It is so disappointing to see in 2016 that much of the news media feels it's necessary to explain the Black Lives Matter is not responsible for the cop killings in Dallas.
Or is it more disappointing how much of "news" media is hell-bent on blaming the cop killings in Dallas on Barack Obama and Black Lives Matter?
I could go on.
One cannot say what the civil rights movement in the 1960's would have been like if every protester had a private cell phone camera with access to the internet.
What we do know is that once white people were murdered by racist law enforcement, the nation's cameras were turned to the South and its systemic denial of rights for Black citizens.
But that was not the end of government institutional white supremacy smearing the civil rights movement. The FBI director J. Edgar Hoover spied on Martin Luther King under the claim that he and his movement were Communists.
J. Edgar Hoover's FBI considered Martin Luther King to be a threat to white America (terming him "the most dangerous Negro of the future in this Nation") and spent years trying to dig up and manufacture derogatory information about him in order to publicly discredit him and thereby neutralize his effectiveness as a civil rights leader. The FBI asserted that the Southern Christian Leadership Conference (SCLC) organization which King headed was controlled and funded by the Communist party and spent years trying to prove it, making King the target of an extensive surveillance program intended to gather evidence documenting ties between the SCLC and communists.
Today it is occasionally less politic to go after African Americans, especially when there are Mexicans and Muslims to provide a target for White supremacists.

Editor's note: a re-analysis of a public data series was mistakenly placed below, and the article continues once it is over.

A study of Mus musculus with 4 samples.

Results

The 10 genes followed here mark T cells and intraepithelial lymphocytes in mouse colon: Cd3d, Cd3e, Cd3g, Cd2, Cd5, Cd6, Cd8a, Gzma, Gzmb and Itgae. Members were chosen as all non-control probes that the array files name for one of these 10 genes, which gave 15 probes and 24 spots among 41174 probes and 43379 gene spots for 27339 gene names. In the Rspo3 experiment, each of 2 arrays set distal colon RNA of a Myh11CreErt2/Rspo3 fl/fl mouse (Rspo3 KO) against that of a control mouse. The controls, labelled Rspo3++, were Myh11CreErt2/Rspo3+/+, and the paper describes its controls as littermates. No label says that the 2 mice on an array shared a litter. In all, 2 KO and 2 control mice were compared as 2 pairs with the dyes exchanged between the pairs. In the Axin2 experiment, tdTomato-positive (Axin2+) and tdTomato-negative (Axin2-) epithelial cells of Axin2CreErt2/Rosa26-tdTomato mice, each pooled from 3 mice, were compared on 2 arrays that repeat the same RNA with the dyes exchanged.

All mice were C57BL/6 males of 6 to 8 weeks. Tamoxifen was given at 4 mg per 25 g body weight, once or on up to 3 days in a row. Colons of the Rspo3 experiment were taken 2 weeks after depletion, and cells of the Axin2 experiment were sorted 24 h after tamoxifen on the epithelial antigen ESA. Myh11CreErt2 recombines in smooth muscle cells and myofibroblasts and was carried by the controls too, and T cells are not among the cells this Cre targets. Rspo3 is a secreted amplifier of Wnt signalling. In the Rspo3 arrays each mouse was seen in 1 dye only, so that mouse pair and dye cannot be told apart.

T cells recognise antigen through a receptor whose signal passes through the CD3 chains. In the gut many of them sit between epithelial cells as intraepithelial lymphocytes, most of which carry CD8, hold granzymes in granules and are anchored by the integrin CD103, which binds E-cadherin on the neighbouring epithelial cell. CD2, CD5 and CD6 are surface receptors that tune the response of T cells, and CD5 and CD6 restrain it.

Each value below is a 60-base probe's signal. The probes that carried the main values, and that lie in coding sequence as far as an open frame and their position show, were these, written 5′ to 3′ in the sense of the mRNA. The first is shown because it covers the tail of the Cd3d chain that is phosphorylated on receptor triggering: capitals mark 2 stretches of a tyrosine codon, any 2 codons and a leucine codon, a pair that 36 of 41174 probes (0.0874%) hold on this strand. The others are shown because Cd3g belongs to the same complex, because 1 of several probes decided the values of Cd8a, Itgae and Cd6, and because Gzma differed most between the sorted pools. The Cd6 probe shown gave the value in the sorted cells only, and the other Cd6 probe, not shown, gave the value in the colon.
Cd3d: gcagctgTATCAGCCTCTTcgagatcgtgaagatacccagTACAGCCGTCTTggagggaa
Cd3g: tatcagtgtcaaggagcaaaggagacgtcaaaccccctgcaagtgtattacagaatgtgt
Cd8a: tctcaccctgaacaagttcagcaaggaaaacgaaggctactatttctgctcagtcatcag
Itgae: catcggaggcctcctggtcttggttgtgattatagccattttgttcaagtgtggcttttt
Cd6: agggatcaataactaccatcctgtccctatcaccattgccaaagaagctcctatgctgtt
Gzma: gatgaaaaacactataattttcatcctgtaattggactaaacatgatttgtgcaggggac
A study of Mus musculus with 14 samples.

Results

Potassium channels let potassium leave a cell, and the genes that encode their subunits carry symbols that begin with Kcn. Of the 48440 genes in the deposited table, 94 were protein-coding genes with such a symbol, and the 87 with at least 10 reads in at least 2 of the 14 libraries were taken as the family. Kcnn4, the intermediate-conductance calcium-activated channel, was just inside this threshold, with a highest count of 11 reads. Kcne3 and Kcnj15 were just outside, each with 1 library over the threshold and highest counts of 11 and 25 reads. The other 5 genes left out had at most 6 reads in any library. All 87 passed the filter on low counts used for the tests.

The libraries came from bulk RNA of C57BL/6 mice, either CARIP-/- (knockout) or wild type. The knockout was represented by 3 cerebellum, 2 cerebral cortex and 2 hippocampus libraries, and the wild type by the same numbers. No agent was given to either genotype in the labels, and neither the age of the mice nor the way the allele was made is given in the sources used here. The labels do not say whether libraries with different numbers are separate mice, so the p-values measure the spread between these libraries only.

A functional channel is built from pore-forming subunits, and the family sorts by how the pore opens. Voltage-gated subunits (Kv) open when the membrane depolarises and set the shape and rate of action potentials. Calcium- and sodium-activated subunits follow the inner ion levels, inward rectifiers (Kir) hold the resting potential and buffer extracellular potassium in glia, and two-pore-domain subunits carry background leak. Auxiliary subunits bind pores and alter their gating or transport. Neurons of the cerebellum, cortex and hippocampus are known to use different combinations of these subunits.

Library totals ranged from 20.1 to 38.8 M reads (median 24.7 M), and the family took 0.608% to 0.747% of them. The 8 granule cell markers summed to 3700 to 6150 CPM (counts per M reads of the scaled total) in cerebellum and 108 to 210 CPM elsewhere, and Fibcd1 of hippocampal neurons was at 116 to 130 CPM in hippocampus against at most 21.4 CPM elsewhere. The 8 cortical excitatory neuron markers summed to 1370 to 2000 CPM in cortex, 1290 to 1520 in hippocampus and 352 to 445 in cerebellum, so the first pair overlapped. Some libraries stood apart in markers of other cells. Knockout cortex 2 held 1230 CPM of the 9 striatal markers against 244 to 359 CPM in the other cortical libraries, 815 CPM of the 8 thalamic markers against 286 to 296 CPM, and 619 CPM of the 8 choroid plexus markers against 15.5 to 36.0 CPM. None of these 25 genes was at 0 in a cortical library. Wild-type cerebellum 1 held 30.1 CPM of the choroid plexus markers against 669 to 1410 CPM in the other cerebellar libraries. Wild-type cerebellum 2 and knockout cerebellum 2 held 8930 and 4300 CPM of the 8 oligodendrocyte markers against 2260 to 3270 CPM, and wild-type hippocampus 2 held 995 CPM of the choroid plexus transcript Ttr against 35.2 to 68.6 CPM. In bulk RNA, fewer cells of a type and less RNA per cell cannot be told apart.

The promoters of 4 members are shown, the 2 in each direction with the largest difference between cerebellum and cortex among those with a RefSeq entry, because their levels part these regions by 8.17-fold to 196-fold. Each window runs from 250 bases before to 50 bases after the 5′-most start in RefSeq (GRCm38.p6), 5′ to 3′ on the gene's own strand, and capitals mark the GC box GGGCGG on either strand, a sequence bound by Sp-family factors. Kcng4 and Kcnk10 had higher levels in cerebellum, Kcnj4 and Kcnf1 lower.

But Black Lives Matter has returned White supremacists to a belief that somehow any movement that calls for equality in how the police use force between Blacks and Whites, is somehow preventing police work all together. Which begs the question, what is the work of the police for White supremacy? Hmm.
The idea of the Ferguson effect was popularized last May in a Wall Street Journal op-ed article by the conservative scholar Heather MacDonald of the Manhattan Institute. Her article, which provides the theoretical underpinning of the police backlash, contended that unless the police are free from surveillance they will, in effect, be unable to do their jobs. Efforts by citizens to ensure that police officers abide by the law and the Constitution, the argument contends, put all Americans in danger and allow the real criminals to run rampant.
The conclusion, though never stated explicitly, is that in order to fight crime effectively and keep everyone safe, the police must sometimes ignore the law and the Constitution. This also serves to shift the focus from any police use of excessive force to the public danger of law enforcement’s use of insufficient force.
Chauncey Devega has written a must-read piece on how the smearing of Black Lives Matter falls in historical and psychological context:
White anxieties about an anti-white “race war” in America are an act of extreme psychological projection. Historically, it is not white people who should be afraid of African-Americans, but rather, African-Americans and other people of color who should be in terror of white folks.
Racial violence and terrorism in the United States has almost exclusively been waged by white people as a group against people of color. ...To move forward after the Dallas shootings and the video-recorded killings of Alton Sterling and Philando Castile requires that the American people reject the lies and obsessions that are being spun out of whole cloth by a right-wing media that is more interested in ginning up racial animosity and violence for profits and attention than it is in acting responsibly.
Finally, here's some comic relief from Louie Gohmert (or was it Steve King?): GOP congressmen have suggested it is "racist" to put a Black person on money when arguing against Harriet Tubman on the 20 dollar bill.